Rebecca O'Connell / iStock, YouTube

Never Gonna Give You Hops: Rick Astley Plans to Launch His Own Beer

Rebecca O'Connell / iStock, YouTube
Rebecca O'Connell / iStock, YouTube

Lovers of novelty beers have a lot of themed drinks to choose from these days, from Ben & Jerry's-branded beer to H.P. Lovecraft–inspired honey ale. Now you can even get your fix from '80s pop star-turned-accidental meme Rick Astley. Astley—best known for his hit song, "Never Gonna Give You Up" and the Rickrolling phenomenon it later sparked—has been mulling over the idea of putting out his own beer.

“I enjoy a beer with friends, and I’m hoping to sell my own brand soon,” Astley told The Mirror. The singer will be teaming up with Mikkeller, a Danish brewery founded by a teacher 10 years ago. “Mikkeller beer is quite experimental, and they’ve been sending me various bottles to sample. Some are quite fruity—one was a pear beer they make for a restaurant, but we’ve gone for a pilsner type lager.”

Astley mentioned that he is still deciding on a name. (Our suggestion? "Never Gonna Give You Hops.")

Will Rickrolling take on a new form in the shape of a beer bottle? Soon friends can pull the bait-and-switch prank at the bar by promising one beer and returning with Astley's branded brew instead. For more information on the beer, click here.

[h/t NME

A Restaurant In Australia Is Garnishing Its Margaritas With Frozen Eyeballs
Jesse Hunniford/MONA
Jesse Hunniford/MONA

A cocktail special at a new restaurant in Australia has fallen under the global gaze thanks to its floating gaze. As Nerdist reports, Faro Tapas, a new Spanish eatery at Tasmania's Museum of Old and New Art (MONA), offers a black margarita garnished with a frozen bull eyeball.

The frosty drink contains tequila, mezcal, lime, and charcoal (presumably for color). It's served in a glass with a black salted rim and the aforementioned toothpick-skewered peeper.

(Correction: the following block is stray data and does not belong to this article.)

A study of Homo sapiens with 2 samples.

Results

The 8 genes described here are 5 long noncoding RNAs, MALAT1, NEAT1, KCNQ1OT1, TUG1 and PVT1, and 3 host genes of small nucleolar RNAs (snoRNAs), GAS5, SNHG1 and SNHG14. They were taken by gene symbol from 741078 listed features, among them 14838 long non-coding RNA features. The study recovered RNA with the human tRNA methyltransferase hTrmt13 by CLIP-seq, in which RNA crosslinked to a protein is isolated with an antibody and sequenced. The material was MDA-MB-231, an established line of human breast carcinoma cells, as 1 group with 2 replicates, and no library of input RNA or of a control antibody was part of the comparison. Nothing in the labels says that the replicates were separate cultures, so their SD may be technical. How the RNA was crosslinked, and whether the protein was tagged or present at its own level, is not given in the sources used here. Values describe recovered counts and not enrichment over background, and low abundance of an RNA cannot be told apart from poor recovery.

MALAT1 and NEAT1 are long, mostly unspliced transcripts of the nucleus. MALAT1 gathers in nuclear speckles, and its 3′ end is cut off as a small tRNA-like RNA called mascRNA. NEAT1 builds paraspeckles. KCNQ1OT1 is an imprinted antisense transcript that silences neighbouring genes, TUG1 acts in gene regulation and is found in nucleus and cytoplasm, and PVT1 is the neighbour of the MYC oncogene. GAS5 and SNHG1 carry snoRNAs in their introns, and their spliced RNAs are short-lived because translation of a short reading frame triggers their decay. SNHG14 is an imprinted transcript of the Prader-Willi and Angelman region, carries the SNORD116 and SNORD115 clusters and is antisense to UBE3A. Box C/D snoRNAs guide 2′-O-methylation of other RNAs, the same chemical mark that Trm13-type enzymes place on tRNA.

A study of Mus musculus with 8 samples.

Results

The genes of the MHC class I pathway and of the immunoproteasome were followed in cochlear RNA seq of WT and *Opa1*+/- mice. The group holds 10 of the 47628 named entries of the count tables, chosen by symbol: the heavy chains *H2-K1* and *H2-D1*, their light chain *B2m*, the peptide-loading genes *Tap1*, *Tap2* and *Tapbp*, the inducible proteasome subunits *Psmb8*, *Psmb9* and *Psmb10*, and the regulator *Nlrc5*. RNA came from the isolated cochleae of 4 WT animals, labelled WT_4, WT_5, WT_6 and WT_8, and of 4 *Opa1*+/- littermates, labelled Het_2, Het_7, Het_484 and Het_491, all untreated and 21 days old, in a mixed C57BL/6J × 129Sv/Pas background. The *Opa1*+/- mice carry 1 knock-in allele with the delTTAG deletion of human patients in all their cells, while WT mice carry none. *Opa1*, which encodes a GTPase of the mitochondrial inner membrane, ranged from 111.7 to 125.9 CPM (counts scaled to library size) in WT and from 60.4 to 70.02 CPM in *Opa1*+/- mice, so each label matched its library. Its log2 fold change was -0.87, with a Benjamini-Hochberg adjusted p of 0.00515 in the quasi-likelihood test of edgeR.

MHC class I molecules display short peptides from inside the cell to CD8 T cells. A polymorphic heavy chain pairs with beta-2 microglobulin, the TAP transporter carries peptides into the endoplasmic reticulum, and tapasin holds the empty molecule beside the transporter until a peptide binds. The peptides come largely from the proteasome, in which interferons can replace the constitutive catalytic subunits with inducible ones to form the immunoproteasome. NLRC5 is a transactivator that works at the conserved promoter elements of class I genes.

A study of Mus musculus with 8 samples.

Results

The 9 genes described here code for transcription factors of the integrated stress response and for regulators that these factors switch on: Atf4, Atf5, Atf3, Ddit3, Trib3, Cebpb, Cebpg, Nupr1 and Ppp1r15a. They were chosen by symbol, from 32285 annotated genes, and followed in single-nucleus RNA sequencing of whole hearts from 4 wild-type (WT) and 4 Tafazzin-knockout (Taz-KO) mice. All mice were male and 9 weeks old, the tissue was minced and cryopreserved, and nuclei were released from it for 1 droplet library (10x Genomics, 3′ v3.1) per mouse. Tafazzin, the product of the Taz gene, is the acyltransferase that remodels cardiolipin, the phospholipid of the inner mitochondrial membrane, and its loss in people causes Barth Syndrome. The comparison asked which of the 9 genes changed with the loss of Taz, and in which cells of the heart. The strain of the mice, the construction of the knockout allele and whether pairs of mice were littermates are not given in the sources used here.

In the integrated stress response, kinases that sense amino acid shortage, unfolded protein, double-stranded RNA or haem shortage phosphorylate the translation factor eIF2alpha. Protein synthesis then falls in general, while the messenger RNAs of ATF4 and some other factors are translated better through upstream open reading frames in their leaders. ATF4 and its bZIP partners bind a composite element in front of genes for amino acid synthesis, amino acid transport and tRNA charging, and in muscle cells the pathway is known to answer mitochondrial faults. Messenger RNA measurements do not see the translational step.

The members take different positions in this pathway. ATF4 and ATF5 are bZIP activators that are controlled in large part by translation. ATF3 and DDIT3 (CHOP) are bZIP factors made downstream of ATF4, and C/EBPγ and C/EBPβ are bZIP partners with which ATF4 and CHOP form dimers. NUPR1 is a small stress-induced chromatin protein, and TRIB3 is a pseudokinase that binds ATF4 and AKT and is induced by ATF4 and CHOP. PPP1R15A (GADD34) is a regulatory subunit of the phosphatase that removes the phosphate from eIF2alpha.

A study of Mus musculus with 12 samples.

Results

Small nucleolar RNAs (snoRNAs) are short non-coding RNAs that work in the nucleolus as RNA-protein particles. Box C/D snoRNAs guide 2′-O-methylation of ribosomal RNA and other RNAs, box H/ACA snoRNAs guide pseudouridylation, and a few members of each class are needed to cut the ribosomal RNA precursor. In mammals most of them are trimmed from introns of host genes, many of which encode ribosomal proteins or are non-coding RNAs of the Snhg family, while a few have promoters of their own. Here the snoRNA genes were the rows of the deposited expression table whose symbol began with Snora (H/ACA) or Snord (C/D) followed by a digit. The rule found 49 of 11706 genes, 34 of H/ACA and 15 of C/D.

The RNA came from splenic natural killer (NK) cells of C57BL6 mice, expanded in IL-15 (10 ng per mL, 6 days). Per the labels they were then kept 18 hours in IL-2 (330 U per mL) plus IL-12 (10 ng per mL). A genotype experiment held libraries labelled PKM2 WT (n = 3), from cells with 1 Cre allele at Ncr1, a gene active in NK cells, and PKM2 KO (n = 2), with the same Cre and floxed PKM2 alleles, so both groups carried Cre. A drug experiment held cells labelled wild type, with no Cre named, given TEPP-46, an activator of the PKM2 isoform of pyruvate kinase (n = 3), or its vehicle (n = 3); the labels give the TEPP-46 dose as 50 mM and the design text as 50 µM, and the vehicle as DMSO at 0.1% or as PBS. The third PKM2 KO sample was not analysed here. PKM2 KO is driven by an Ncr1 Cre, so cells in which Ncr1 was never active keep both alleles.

Gourmet Traveller recommends that those brave enough to sample Faro Tapas's bovine booze drink it quickly, as the eyeball's ice casing melts. (If you're willing to risk brain freeze to avoid eye mush, this sounds like a smart move.)

That said, adventurous drinkers with stomachs of steel might find Faro Tapas's eyeball-garnished margarita tame compared to the Yukon Territory's Sourtoe cocktail (it contains a dehydrated human toe) and countless other weird and wacky cocktails served up around the world. Bottoms (and eyeballs) up!

[h/t Nerdist]

Drink Up: New Study Concludes Wine Can Offset Dementia

The health benefits of wine can sometimes be overstated by people who are a few glasses deep and slurring their words. Should you ever find yourself in a position to defend your moderate imbibing, you have supporting evidence: A new study says two glasses of wine daily can potentially reduce your risk of developing Alzheimer's.

The study, which appears in Scientific Reports, shows that wine has an effect on one's glymphatic function, or the way the brain removes toxins. To clear itself of damaging and accumulated proteins like tau and beta amyloid, which are often linked with dementia, the brain pumps in cerebral spinal fluid (CSF) to act as a flushing solution. All sorts of variables can influence the glymphatic system's operation, including trauma, stroke, and excessive alcohol intake.

But when researchers dosed the mice in the study with moderate alcohol—amounting to 2.6 drinks daily—the glymphatic system was more efficient, removing more waste and exhibiting less inflammation than the teetotaling control mice.

As is usually the case when it comes to booze, you can have too much of a good thing. When mice got the equivalent of 7.9 drinks daily, their glymphatic system grew sluggish until the overindulging was terminated.

"Studies have shown that low-to-moderate alcohol intake is associated with a lesser risk of dementia, while heavy drinking for many years confers an increased risk of cognitive decline," lead study author Maiken Nedergaard, of the University of Rochester Medical Center, said in a press statement. "This study may help explain why this occurs. Specifically, low doses of alcohol appear to improve overall brain health."